ESCAP Studies in Trade and Investment

English
ISSN: 
2414-0953 (online)
http://dx.doi.org/10.18356/d2fc0183-en
 
Reducing Trade Costs In Asia-Pacific Developing Countries

ESCAP, Yann Duval, Amandeep Saggu, Chorthip Utoktham
07 May 2016
Pages:
153
ISBN:
9789210581370 (PDF)
http://dx.doi.org/10.18356/33a38344-en

    International trade has been a major engine in economic growth and development in Asia and the Pacific. At the same time, rising inequality within and between countries of the region, together with a significant slowdown in economic growth in major export markets during the past decade, suggest that new and better ways to trade are needed to enable the region to maintain competitiveness as well as achieve sustainable and inclusive development. The International Trade Cost Database, maintained by ESCAP, in collaboration with the World Bank, reveals that although tariffs on trade for many countries and subregions in Asia and the Pacific are at historic lows, overall trade costs continue to remain excessively high. Further efforts to reduce transaction costs are necessary in order to ensure that more economies, firms and people can benefit from trade and participation in international production networks.
  • Acknowledgements
    Reducing Trade Costs in Asia-Pacific Developing Countries was prepared under the substantive direction and guidance of Yann Duval, Chief, Trade Facilitation Unit, Trade and Investment Division (TID) of the United Nations Economic and Social Commission for Asia and the Pacific (ESCAP), by Aman Saggu, Consultant, TID, ESCAP, with substantial inputs from Chorthip Utoktham, Consultant, TID, ESCAP. It was produced under the overall supervision of Susan Stone, Director, TID, ESCAP.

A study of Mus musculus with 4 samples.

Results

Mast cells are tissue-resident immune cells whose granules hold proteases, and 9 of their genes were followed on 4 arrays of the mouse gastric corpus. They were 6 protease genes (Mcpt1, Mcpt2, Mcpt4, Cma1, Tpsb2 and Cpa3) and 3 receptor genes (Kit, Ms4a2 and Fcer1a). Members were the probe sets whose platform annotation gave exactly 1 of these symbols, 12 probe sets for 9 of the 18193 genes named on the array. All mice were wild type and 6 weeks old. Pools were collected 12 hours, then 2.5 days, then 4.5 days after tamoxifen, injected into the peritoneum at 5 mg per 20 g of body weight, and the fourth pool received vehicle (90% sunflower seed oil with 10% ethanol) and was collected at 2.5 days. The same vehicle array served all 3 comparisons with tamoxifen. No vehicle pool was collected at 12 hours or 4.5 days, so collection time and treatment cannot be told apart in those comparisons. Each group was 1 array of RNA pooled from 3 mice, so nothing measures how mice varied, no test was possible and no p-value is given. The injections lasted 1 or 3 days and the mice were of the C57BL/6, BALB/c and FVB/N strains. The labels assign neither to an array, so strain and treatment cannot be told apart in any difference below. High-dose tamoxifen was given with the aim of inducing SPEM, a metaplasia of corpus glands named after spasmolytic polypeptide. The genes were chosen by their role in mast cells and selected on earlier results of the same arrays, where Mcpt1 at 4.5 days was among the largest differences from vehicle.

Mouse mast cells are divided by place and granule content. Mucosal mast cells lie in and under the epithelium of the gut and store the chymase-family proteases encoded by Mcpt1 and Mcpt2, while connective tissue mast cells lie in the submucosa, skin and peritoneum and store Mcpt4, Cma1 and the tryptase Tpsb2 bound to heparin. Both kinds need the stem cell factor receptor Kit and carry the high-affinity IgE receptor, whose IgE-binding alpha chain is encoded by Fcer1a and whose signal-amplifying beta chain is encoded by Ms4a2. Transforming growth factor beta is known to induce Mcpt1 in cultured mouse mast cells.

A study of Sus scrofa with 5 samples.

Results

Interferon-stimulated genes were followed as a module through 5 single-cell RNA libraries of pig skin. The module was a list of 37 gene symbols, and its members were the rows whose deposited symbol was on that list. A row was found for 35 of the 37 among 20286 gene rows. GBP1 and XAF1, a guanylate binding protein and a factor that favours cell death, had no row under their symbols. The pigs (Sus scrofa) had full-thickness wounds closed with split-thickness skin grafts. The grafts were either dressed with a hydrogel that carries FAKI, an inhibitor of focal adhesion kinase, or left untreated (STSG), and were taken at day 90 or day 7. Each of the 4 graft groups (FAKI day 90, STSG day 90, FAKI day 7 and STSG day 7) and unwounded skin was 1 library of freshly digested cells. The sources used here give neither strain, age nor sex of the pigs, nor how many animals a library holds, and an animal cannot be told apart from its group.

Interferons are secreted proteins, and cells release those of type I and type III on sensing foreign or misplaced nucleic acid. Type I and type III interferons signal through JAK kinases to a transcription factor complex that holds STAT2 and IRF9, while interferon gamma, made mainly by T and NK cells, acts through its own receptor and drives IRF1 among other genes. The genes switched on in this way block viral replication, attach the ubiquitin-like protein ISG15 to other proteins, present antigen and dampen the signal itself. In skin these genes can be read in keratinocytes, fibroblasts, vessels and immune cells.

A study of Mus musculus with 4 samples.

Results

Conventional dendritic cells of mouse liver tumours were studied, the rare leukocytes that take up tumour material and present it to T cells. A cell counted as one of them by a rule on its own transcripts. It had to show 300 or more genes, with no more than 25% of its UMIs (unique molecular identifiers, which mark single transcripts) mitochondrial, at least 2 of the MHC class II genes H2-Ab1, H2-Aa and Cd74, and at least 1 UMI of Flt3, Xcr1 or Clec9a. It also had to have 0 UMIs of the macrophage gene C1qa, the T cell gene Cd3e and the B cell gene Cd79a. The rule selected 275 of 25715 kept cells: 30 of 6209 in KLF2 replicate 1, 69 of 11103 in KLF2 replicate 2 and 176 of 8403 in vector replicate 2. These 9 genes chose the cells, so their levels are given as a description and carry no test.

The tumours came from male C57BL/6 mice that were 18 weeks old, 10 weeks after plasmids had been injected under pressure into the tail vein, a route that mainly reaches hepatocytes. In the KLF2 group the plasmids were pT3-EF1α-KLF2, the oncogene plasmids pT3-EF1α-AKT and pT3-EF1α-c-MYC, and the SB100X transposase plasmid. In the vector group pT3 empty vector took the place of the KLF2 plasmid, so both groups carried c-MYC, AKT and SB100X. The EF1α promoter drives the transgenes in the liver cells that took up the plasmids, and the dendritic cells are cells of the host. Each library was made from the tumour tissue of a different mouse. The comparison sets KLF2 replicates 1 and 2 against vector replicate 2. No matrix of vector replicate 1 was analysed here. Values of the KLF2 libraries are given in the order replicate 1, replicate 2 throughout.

• Acronyms and abbreviations
  • Introduction
    International trade in Asia and the Pacific has experienced an unprecedented rate of growth during the past two decades, growing at a rate of 8.11% a year between 1995 and 2014.1 This is substantially higher than the world GDP, which grew at a rate of just 4.78% a year during the same period.2 Although recent years have witnessed a slowdown in global trading activity – particularly in the Asia-Pacific region – international trade continues to play an important role in contributing to economic growth, productivity and output across many economies by helping to boost jobs and lift people out of poverty.3 Trade is also critical for the transfer of technology, knowledge and skills, and thus for economic development overall, as emphasized by UNCTAD (2015).
  • Reducing trade costs in Asia and the Pacific: Key findings and the way forward
    The ESCAP-World Bank Trade Cost Database is the first database of its type to systematically measure bilateral trade costs across countries and over time. It provides estimates of trade costs across 178 developed and developing countries, annually, during 1995-2012.4 The systematic bilateral trade costs are computed using the inverse gravity model (see Novy, 2013), which estimates trade costs using data on bilateral trade and gross national output, as inputs.